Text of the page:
Elected officials, university leaders share impact of CU Boulder and CSU partnership – The Denver Post

Elected officials and leaders at the University of Colorado Boulder and Colorado State University gathered on Wednesday in anticipation of CSU’s football team playing in Boulder for the first time since 2009.

Gov. Jared Polis, U.S. Rep. Joe Neguse, D-Lafayette, CU Boulder Chancellor Phil DiStefano and CSU President Amy Parsons met to voice excitement about the game and reflect on the off-the-field partnership between the two universities and its impact on Colorado.


CU Boulder and CSU collaborate in many areas, including agriculture, aerospace, climate, healthcare and technology. Polis said CU Boulder and CSU have published about 1,900 research papers together, and both are top research universities that bring in millions of dollars in research funding.

“You might come for the football, but you stay for the education and research opportunities,” Polis said.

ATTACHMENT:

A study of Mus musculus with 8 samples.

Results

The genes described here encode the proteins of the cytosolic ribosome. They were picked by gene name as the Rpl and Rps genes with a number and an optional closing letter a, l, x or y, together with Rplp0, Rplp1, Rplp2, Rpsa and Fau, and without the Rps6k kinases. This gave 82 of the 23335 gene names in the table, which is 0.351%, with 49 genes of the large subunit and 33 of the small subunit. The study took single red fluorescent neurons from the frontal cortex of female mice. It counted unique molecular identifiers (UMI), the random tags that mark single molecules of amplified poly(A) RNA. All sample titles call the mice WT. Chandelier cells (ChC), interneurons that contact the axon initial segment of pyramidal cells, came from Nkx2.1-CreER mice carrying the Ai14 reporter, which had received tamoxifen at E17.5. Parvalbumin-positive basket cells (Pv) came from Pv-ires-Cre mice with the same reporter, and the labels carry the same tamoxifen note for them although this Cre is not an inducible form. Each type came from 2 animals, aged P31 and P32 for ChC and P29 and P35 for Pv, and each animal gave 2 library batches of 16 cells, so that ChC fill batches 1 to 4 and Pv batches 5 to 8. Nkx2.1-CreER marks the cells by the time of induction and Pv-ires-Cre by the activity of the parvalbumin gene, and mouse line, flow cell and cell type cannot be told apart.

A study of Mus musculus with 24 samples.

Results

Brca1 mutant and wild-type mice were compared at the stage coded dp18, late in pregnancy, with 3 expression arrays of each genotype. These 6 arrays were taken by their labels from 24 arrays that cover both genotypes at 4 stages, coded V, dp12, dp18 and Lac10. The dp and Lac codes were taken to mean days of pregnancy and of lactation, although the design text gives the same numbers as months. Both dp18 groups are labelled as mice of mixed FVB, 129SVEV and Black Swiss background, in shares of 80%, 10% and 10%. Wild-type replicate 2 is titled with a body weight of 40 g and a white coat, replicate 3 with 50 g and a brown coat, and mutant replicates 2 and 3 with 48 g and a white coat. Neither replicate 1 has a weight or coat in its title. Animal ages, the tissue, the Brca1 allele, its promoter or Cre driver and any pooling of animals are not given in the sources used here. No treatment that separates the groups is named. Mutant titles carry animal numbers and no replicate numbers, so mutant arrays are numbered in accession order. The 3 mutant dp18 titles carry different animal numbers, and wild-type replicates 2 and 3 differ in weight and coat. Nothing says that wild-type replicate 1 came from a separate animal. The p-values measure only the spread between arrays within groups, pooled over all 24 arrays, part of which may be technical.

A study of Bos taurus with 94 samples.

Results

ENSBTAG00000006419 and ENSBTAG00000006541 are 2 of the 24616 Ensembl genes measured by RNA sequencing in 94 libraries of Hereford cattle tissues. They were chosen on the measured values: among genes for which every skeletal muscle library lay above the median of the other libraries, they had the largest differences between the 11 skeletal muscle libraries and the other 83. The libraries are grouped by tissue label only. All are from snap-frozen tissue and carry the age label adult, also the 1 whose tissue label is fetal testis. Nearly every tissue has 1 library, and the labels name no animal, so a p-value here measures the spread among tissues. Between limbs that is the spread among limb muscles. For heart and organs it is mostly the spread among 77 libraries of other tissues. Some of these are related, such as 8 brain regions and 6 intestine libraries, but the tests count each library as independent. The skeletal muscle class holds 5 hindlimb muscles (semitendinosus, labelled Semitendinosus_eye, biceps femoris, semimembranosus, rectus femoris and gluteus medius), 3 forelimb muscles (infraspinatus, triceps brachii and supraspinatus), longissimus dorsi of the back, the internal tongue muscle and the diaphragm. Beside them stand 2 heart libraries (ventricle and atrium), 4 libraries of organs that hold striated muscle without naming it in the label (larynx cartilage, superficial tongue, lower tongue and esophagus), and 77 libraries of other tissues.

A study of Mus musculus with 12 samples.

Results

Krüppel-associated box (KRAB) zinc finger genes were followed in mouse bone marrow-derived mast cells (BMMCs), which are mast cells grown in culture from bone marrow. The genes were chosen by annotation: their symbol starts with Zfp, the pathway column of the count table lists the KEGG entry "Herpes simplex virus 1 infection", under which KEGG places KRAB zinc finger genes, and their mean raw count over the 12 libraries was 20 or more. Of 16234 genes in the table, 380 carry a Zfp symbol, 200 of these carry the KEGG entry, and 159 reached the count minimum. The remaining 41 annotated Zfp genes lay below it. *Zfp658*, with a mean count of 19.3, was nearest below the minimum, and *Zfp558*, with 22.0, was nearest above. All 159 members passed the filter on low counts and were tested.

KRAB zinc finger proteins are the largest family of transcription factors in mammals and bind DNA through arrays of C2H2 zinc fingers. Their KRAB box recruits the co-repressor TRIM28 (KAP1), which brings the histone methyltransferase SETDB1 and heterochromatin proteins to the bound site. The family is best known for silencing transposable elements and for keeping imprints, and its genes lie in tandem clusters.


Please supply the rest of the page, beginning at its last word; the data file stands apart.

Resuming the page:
There are 350,000 CU Boulder and CSU alumni living in Colorado, Polis said, and a quarter of a million nationwide. Parsons said more than 70% of all higher education degrees in the state are given out by CU and CSU, fueling the workforce throughout Colorado.

“From beginning to end we have everything we need for a great ecosystem for Coloradans to get that education and go on and be valuable members of our community in Colorado,” Parsons said.

Parsons said she loves the rivalry on the field because it’s exciting, engages people and brings them together. The Rocky Mountain Showdown, she said, also gives each university an opportunity to showcase all its other aspects.

“We are so excited to have these opportunities to show what we’re all about,” Parsons said.

DiStefano said CSU and CU Boulder have brought in more than a billion dollars of grant money, strengthening the state’s economy. DiStefano said the research collaboration happening between the universities is an asset to the state.

“We’re not duplicating efforts, we’re bringing strengths together,” DiStefano said. “When you bring strengths together and collaborate that way, you find more solutions to complex problems that we’re facing.”